For openers, the Redlands-based Renegades, a water polo club, is open to everyone — not just the kids that play at a trio in that city’s public high schools.
Ryan Williams’ dream is to train kids from every campus — Cajon and Yucaipa, San Gorgonio and Indian Springs, plus any schools from Riverside County, along with Redlands — for a 9-month period.
Those other three months, he said, “is for the high school season.”
Hard to believe: Renegades is the only club of its kind in the immediate area.
Polo clubs in surrounding areas include Riverside, Yucaipa (apparently, no tournament play), then the Foothill Polo Club based out of La Verne — about an hour’s drive.
There’s a need for club polo.
Renegades’ coaches Zoran Dragomirovic and Williams are spearheading the effort. It’s simple, says Dragomirovic, a former professional from Serbia.
“All the top high school teams,” he said, referring to the likes of Santa Ana Mater Dei and Segerstrom, Santa Maria Righetti, Murrieta Valley, Malibu, Corona del Mar, Laguna Beach, Rio Mesa, plus a whole lot more, “play against national team players in club.”
Hint: The closer to the beach you get, figure the polo talent pool gets greater. Forming a club like Renegades helps to even that score.
Said Williams: “The club brings us closer to those teams. We can compete with them.”
Underscored, perhaps, was the CIF Southern Section Division 3 boys’ championship won by Redlands East Valley in 2015. A largely freshman class, that squad was built from Renegades prospects.
Coached by Williams and Dragomirovic, players like Harrison Land, Maverick McMurtry, Zack Arthur and Chad Gornay, among others, dominated the polo waters.
Gornay, the brother of four-time Southern Section backstroke champion Evan Gornay, committed to UC Irvine.
Two more, McMurtry and Land, were National Junior Olympic All-American recipients last year. Throw in Levi Murtaugh, a Riverside Poly High player who used the Renegades to leap into collegiate play at UC Davis.
Then there’s Olympic Development Programs, in which Nico Perna (Under-13), among others, has risen to top levels.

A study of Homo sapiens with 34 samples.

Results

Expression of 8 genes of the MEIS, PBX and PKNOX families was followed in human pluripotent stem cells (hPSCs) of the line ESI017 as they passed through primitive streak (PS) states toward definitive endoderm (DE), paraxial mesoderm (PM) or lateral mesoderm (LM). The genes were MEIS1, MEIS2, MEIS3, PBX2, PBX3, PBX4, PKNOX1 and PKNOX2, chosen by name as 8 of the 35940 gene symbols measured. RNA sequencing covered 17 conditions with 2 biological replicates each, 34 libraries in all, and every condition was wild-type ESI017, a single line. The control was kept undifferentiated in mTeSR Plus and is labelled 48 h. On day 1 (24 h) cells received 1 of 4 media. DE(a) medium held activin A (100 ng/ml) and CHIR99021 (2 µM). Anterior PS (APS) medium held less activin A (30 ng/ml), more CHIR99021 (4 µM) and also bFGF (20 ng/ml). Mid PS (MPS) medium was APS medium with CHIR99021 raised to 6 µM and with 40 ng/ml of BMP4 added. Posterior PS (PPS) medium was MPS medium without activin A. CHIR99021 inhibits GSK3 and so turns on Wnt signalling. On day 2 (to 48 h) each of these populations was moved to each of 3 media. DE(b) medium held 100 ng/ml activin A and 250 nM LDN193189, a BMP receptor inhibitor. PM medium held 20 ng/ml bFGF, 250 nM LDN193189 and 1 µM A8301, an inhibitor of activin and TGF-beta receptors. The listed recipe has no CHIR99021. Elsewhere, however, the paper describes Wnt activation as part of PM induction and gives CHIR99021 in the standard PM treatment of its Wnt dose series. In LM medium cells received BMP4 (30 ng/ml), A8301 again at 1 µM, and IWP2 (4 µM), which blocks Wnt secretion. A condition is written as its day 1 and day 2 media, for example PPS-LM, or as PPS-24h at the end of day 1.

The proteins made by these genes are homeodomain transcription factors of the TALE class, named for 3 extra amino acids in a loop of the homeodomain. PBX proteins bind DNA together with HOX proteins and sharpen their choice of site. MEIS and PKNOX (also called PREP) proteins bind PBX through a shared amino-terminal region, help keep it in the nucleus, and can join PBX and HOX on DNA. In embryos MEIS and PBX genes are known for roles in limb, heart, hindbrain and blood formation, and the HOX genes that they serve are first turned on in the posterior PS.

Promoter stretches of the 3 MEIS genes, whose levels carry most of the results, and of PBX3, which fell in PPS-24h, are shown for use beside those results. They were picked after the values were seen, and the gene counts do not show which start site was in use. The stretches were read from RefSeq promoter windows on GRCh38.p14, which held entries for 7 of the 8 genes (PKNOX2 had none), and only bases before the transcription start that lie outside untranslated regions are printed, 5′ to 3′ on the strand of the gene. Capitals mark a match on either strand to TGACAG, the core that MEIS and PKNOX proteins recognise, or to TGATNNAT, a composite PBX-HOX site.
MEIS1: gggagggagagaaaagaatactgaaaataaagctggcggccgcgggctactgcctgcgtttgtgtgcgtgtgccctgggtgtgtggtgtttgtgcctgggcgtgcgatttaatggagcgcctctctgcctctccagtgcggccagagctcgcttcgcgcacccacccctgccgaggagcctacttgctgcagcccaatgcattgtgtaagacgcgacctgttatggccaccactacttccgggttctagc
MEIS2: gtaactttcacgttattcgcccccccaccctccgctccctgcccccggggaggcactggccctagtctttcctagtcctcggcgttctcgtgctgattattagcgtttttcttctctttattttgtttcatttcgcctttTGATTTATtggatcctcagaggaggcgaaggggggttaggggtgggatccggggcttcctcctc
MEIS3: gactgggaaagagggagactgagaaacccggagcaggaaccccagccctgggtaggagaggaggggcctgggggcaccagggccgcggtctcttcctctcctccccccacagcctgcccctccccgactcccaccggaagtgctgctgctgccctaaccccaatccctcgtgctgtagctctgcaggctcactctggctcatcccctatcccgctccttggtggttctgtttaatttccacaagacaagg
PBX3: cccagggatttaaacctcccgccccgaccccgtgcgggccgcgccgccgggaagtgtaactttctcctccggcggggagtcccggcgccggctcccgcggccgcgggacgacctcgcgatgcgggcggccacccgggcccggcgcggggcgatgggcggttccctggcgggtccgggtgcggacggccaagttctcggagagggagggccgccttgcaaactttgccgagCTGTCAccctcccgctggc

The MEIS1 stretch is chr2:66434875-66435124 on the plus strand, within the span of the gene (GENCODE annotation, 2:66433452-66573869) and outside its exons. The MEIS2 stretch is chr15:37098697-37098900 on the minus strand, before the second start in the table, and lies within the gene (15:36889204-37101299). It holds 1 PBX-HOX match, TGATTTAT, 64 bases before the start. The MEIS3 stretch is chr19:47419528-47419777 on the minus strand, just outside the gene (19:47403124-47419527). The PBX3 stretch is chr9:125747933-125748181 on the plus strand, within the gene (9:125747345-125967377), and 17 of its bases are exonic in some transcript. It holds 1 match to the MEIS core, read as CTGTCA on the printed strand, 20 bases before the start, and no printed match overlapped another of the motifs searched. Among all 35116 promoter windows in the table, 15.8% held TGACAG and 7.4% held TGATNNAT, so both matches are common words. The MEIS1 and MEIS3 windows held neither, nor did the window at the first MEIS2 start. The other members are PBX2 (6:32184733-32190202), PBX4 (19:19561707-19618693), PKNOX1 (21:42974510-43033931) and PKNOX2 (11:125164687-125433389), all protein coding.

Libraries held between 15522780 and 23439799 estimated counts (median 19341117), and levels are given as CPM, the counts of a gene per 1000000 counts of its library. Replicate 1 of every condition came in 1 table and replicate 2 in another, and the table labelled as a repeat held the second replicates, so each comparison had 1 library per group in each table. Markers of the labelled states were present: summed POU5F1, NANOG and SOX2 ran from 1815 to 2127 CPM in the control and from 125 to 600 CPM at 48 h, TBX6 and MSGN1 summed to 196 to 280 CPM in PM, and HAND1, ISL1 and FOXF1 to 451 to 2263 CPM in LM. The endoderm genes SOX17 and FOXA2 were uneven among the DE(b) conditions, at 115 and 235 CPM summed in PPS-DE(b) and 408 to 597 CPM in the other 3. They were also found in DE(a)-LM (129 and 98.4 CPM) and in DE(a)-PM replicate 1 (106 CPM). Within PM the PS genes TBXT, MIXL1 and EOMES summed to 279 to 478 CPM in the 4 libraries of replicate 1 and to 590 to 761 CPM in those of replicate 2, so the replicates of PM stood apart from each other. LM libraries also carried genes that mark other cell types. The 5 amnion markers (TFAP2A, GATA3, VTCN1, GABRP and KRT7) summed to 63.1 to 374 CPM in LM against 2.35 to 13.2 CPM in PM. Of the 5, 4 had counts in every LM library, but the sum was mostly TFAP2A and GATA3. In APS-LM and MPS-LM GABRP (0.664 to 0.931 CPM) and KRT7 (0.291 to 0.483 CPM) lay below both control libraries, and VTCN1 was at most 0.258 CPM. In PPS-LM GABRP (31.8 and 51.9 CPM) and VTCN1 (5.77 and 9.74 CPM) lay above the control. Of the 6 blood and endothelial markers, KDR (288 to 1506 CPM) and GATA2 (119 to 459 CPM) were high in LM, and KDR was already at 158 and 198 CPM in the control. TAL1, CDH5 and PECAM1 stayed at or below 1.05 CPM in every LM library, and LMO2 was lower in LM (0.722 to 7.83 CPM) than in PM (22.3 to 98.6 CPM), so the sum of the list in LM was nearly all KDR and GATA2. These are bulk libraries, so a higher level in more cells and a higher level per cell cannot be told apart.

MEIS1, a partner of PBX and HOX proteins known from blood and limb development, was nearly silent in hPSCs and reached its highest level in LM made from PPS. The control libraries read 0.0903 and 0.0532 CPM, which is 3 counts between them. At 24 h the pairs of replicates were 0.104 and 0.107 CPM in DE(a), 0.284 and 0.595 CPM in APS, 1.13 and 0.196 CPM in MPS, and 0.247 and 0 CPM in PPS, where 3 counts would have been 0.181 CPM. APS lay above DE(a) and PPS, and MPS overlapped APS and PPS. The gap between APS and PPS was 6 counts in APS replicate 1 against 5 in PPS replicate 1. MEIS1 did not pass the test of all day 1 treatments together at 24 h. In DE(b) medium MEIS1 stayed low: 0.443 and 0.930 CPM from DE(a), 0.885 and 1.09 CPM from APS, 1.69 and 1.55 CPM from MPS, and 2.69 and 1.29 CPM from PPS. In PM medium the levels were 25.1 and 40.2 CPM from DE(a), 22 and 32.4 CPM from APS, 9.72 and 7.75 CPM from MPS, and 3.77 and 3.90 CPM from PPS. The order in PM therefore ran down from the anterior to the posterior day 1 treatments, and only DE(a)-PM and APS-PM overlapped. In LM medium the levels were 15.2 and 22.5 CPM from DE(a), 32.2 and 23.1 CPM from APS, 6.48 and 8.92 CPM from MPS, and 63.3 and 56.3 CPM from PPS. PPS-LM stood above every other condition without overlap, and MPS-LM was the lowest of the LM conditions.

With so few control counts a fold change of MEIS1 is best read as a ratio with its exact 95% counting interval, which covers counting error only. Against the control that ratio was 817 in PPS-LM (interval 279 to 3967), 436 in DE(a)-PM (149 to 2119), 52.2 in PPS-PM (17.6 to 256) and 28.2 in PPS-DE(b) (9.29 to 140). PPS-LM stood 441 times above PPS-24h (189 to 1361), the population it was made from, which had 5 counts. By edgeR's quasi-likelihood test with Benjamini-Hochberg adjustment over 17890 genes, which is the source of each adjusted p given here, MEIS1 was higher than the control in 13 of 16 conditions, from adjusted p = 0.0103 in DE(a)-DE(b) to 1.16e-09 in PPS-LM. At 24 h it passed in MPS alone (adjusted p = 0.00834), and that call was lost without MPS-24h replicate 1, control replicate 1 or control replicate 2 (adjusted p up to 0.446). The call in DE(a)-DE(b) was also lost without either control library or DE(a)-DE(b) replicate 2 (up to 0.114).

There’s a cost.
It’s $125 a month, plus a $50 annual registration fee, plus $95 for a two-day tournament, $45 for the one-day events. USA Water Polo membership is also a must.
Plus this: If you’re on the Under-16 and Under-18 squads, be prepared to dedicate entire weekends. They’re using the deck at Indian Springs High.
There’s no difference to the financial, time and physical commitment to other sports — soccer, baseball, softball, basketball, you name it.
“Colleges scout these tournaments,” said Dragomirovic. “Water polo is not just a high school sport any more.”
College coaches rarely scout high school matches. Collegiate polo is in the fall, same as boys’ polo (girls play in winter, collegiate women in the spring). It’s easy for colleges to scout tournaments and Junior Olympic play out of their season.
For Renegades, there’s travel. Orange County. San Diego. This summer’s Junior Olympics are slated for San Jose.
All this since 2011, when Brian Snell, whose off-the-deck job has led him away to Colorado, formed Renegades.
Prep polo’s been around since 1912 when Long Beach Poly — a beach school, by the way — won nine of the first 11 titles. In 1977, Indio High copped a CIF title, apparently the first Riverside or San Bernardino County team to score a championship.
It’s a grind in the water.
Corey Valencia, a former Citrus Valley goalie, wasn’t even planning to play collegiately. Before the Highland kid was struck down with an indescribable heart ailment, he was planning for college, sans polo.
Heading into a 2015 tryout with the NCAA Division 1 San Jose State program, Valencia made the squad.
“I’d have never been as good of a goalie,” he said, “without the Renegades. I wouldn’t have been as experienced.”
Along with the experience of club play, including Junior Olympic tournament play, he got plenty of guidance — on technique, recognizing various types of attacks, plus going head-to-head with top-flight players.
That only strengthens a high school team.